To native English-speaking people, Japanese poses several challenges. In fact, the Foreign Service Institute put it in the top-four hardest languages for us to learn as a second language.
Japanese earns this place of honor largely for its writing systems.
Yes, systems plural.
While English enjoys one writing system (the alphabet), Japan decided it’d be fun to mix three writing systems together, which they do all the time. You can actually see all three in action in one sentence.
For example: ここでサインして下さい。(Please sign here)
Here’s a quick breakdown of the writing systems.
This is the first writing system people in Japan learn. Every symbol represents one sound only, which is easier than the alphabet in many respects (I’m looking at you, letters A, and C).
This is the second writing system, and it’s mainly used to put foreign words into Japanese. This isn’t the only reason for its use, but I think it’s the main one. Just like with hiragana, each symbol represents only one sound. There is one katakana symbol for every hiragana symbol.
This is where many people want to just throw in the towel with Japanese. Each Chinese-imported character represents not only sounds (and the sound can change depending on the surrounding Chinese characters), but ideas. For example, 木. You can read it as “ki”, and it means “tree.”
It might help your mind to know right now that there is kanji for almost every noun you can think of. Even if Japanese usually write coffee as コーヒー (in katakana), you’ll often see older coffee houses writing the word as 珈琲 (coffee) on their store signs. There’s kanji for everything.
Sounds – It’s important to understand that Japanese has a pretty bare selection of sounds it can make compared to English. That’s why it’s just plain wrong to pronounce “karaoke” as “care-ee-oh-key” because Japanese symbols only have one sound per symbol. Karaoke is written as カラオケ in katakana (“empty orchestra”), where the カ symbol can only be read as “kah”, ラ can only be read as “rah”, オ can only be read as “oh” and ケ can only be read as “kay.” Together, you get “kah-rah-oh-kay.” If you can figure this out early on in your studies, you will swiftly master pronunciation.
I think the best way to learn how to properly pronounce Japanese is to listen to it as much as you can. Just like the way babies learn. Even if you’re not a fan of anime, try to find a TV drama, a movie or a TV show in Japanese that you can listen to with subtitles. It’ll help you listen to the rhythm and ways of speaking the language. If there’s a Japanese club nearby or a language exchange, go for it.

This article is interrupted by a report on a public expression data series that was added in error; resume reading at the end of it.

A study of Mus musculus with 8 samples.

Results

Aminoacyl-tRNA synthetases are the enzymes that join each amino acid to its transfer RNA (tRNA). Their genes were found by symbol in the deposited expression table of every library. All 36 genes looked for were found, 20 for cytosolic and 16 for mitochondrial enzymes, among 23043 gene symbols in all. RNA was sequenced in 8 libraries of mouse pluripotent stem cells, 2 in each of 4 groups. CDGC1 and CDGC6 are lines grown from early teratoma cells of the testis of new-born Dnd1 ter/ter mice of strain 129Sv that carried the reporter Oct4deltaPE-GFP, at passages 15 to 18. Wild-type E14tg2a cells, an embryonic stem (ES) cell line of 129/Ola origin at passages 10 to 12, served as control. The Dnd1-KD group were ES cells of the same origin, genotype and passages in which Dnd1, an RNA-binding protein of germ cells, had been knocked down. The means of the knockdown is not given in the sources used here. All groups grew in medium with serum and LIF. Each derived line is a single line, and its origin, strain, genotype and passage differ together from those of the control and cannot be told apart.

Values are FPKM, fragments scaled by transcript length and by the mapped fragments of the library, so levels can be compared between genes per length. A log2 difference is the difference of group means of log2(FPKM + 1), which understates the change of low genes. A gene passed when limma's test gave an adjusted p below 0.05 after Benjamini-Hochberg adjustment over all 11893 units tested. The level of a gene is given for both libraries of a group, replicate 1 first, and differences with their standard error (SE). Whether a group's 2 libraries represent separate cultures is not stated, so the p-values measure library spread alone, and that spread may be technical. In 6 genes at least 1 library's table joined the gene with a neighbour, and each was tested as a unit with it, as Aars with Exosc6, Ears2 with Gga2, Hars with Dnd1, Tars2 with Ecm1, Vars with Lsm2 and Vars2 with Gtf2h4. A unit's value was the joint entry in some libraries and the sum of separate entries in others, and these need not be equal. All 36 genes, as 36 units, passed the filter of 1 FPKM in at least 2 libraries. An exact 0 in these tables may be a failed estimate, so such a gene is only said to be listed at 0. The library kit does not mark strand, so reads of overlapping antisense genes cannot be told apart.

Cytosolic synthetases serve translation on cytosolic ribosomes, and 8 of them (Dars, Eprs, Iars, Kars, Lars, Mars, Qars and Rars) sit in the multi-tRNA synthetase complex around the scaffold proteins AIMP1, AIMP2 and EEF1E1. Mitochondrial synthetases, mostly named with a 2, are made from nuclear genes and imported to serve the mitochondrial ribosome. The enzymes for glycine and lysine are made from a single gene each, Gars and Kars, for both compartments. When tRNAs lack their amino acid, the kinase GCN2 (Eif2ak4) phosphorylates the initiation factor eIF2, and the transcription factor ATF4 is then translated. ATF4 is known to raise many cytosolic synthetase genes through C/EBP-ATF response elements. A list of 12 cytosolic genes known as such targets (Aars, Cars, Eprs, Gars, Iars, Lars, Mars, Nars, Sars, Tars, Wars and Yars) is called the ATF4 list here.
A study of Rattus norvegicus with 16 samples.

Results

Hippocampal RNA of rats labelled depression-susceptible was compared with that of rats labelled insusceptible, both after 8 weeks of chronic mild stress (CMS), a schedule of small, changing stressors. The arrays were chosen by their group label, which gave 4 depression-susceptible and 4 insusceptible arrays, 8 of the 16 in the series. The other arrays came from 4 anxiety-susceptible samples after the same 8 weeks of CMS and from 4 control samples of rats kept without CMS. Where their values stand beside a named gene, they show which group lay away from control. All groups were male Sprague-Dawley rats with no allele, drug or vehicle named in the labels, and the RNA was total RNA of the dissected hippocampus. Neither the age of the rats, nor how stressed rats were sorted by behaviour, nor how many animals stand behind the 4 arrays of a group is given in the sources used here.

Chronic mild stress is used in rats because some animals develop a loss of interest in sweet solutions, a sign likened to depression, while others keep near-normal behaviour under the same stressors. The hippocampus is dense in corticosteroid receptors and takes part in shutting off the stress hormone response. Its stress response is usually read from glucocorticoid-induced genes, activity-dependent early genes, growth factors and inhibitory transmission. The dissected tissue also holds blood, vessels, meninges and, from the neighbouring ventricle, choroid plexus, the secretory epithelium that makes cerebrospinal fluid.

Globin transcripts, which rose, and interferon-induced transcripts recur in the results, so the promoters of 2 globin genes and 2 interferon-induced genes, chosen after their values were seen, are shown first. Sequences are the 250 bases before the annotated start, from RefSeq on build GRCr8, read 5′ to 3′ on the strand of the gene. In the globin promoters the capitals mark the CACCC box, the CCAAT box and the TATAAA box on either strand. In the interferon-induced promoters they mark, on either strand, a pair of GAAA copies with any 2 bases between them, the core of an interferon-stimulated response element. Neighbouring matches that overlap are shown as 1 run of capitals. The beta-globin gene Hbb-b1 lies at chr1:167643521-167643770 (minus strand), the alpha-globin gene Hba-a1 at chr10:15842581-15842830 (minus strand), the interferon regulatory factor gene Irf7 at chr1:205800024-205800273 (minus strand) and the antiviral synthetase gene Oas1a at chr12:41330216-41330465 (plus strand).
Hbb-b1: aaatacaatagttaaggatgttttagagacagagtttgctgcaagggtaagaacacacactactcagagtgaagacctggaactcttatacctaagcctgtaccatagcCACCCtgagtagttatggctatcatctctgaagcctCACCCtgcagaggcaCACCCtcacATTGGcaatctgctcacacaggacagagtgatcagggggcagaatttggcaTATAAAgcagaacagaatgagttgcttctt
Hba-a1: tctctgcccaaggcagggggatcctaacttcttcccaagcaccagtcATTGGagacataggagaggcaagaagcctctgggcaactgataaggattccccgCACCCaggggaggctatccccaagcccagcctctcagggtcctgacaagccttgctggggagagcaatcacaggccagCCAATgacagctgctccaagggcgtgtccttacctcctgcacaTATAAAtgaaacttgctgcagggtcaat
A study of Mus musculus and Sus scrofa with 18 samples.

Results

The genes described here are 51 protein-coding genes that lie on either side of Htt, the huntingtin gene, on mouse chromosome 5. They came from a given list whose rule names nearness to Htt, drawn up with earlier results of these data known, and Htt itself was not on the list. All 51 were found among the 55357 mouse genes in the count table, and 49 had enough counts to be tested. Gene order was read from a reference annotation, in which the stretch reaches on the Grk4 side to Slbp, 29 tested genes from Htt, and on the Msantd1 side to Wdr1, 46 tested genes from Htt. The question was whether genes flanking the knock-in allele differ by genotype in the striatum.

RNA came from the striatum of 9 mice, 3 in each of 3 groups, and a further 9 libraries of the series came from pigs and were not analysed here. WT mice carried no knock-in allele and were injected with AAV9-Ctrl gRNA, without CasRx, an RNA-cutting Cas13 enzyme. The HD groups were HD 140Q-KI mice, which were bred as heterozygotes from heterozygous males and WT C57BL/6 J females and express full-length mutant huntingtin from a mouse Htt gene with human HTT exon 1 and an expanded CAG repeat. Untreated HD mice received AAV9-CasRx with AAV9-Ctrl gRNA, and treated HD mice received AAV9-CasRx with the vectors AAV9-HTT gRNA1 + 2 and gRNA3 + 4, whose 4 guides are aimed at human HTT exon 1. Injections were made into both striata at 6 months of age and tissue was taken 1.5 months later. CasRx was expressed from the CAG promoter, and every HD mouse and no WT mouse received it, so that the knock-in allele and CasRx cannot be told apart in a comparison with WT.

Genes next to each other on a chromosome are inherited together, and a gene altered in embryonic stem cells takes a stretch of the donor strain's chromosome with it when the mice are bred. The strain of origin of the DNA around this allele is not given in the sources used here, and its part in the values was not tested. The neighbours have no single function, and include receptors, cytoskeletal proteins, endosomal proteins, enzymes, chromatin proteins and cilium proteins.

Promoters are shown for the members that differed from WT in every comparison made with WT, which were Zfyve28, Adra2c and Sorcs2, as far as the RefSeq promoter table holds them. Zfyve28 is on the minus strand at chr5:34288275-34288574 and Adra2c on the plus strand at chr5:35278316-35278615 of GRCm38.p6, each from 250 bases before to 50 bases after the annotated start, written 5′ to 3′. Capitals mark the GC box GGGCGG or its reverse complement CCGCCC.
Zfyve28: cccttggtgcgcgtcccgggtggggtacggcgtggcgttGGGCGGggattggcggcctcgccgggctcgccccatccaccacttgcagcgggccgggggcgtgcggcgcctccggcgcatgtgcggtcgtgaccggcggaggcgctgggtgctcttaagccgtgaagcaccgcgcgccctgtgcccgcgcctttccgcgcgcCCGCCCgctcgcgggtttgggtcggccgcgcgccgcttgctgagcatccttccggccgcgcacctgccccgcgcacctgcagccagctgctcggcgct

I know of a lot of native English-speaking people who brag about how easy it is to pronounce Japanese, only to sound exactly like an English-speaking person trying to speak Japanese. Your goal should be to sound Japanese. My favorite challenge is to try fooling people on the phone into thinking I’m a native Japanese person. I’ve found that people who are good at music tend to be good at copying pronunciation for various languages. That’s just what I’ve found anyway.
Writing hiragana and katakana – This is painful, but the sooner you can ingrain hiragana and katakana into your head, the better. I’ve heard of some Japanese classes sticking with Romanized Japanese for far too long. Writing out Japanese in Roman lettering will not help you out here that much. Even if you never master kanji, at least being able to write out things like “I’m lost” or “Where is the station?” in hiragana or even katakana will vastly improve your odds of the average Japanese person helping you.
The Japanese way of learning is to write each symbol over and over again until you can write it in your sleep. Do whatever you can to memorize each one. More and more handwriting is getting worse here, and people’s expectations of your writing abilities are low, but if you really want to become a master calligrapher, then I recommend finding some children’s hiragana/katakana workbooks online and copying what you see. Stroke order in Japanese is important so pay attention to that, too. This is all about precision and beauty.
Learning kanji – Another painful thing to learn, but again it’s all about memorization. It really helps, I think, to read children’s books where they put the way to read kanji (in hiragana, which they call “furigana”) above the actual kanji. Manga meant for younger people also usually put the furigana above all the kanji. This helps you remember how to read a lot of the kanji. Flash cards also helped me a lot, as did writing the words over and over again. To really get kanji to soak into your brain, you really need to make it a part of your life. I also love that a lot of Japanese TV shows will, for some reason, write out what the person on the screen is saying, as they’re saying it. It’s like they put closed-captioning on everything. This immensely helps me learn how to read kanji. Again, stroke order is king here.
Dictionaries – I know many people like to buy electronic dictionaries, but I am going to confess to you here that I have gotten to a passing level of Japanese with the help of Nihongodict.com. They are definitely not paying me to write this, but I love them. It’s a free online dictionary that I’ve been using for years and years, and it’s gotten me to where I am today. So thank you, people at Nihongodict.com
Beyond that, kanji dictionaries can definitely help. I wouldn’t really bother with hiragana and katakana ones beyond children’s workbooks (I have learned to never think children’s books are beneath me when learning a second language). I also love reading manga (mostly heart-warming romances). You’d be surprised to find there’s a manga basically for any interest you can think of. I’m sure there’s a gardening one out there I’ve missed.